When President Obama sat down to talk to those persons fighting the country’s war on heroin and opiates on Tuesday, it was with the aim of understanding the nature of the epidemic and assuring those in attendance of the government’s determination to curb addiction.
Bringing to light the number of lives lost, the cost to the different communities and how productivity had been impacted all over the country, Obama strongly emphasized the important position addiction occupied in the conscious of the government.
Addressing opiate abuse at the National Rx Drug Abuse and Heroin Summit, the President acknowledged the fact that the problem had grown exponentially during his two terms in office. The president spent over two hours of his time at the gathering of medical professionals, law enforcement officers and treatment facilitators interacting with recovering addicts and medical professionals, these including Doctor Sanjay Gupta who was the moderator.
While there was a sense of bleakness in the direction of the discussions, the gathering wasn’t without hope, with voices such as Justin Riley and Crystal Oertle painting a picture of the lives that could be saved through the funding of comprehensive recovery programs.
The difficulties that addicts face integrating back into society after starting their journey to recovery were also touched upon, Crystal Oertle emphasizing the stigma recovering addicts encountered on a regular basis.
The 35-year-old mother and recovering addict told the President that even at the present, with her life on the path to a bright future, she always felt judged and invalidated by those around because of her previous struggle with drug abuse.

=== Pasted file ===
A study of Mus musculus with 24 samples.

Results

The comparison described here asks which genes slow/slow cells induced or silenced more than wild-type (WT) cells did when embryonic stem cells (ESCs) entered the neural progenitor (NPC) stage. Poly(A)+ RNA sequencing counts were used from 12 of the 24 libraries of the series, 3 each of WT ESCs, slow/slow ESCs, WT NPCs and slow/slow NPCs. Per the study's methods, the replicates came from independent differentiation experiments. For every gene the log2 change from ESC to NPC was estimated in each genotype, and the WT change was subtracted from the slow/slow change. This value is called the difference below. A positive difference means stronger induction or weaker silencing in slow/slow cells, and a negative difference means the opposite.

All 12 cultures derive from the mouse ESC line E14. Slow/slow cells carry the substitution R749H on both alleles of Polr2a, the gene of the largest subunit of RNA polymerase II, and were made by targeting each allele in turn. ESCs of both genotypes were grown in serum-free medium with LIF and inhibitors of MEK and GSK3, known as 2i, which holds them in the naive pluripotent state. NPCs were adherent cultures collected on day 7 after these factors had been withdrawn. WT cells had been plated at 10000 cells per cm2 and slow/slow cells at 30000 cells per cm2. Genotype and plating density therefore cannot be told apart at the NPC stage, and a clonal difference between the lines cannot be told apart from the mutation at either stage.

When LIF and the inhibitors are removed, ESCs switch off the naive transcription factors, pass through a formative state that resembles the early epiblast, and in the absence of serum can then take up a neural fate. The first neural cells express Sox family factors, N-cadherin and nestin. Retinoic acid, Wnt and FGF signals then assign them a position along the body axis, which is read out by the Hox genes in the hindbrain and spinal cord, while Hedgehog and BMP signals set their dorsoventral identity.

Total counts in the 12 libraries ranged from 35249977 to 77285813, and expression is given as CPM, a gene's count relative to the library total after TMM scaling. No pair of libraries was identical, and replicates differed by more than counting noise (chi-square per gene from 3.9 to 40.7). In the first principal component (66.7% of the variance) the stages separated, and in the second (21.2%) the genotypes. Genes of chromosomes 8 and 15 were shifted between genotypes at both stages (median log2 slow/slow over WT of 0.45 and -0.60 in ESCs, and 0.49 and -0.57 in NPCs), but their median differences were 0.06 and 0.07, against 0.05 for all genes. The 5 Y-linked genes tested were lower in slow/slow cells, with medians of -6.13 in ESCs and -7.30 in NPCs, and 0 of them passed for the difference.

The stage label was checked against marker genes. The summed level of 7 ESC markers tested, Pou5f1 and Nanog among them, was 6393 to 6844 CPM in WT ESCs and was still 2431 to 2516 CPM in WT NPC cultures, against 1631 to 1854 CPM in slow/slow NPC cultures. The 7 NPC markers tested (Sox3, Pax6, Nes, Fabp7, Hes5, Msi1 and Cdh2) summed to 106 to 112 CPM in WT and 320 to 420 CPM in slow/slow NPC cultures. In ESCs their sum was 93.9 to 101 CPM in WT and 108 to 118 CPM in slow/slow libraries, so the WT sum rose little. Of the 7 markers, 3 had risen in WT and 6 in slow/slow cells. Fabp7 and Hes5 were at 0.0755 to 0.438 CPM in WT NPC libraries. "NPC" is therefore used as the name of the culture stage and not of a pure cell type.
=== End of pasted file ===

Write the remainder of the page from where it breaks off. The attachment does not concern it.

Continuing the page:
Crucial panelists in the discussions included Doctor Leana Wen, the Baltimore City Health Commissioner, who recounted stories of all the negative situations she had observed and heard about from the law enforcement and medical communities about their approach to handling drug abusers.
She was especially grieved by the many drug addicts she had encountered and who she simply couldn’t care for because of a lack of resources, this feeling of helplessness leaving her less than pleased with the state of the medical field in the country.
It is probably because of the ostensible surges in the heroin abuse that the government has begun taken decisive steps to reverse addiction trends, Congress’ decision to pass a bipartisan budget agreement that assigned $400 million to the issue of opiate abuse last December justifying President Obama’s claims that the government is indeed aware of the plight of its people and it is taking steps to remedy the addiction problem.
More than simply increasing funding for community treatment programs, there are laws in the works that will attempt to curb the propensity that many physicians have today for prescribing opiates that lead to addiction.
Obama was very particular about admitting the ineffectiveness of treating addiction as a criminal issue rather than a public health problem. He accepted that his government’s determination to look at drug abuse through the criminal justice lens had done very little to prevent the proliferation of heroin and opiates across the country.
He promised to work with congress to provide more funding for drug recovery services, this along with putting in place programs that would assist addicts to reintegrate into society following their treatment.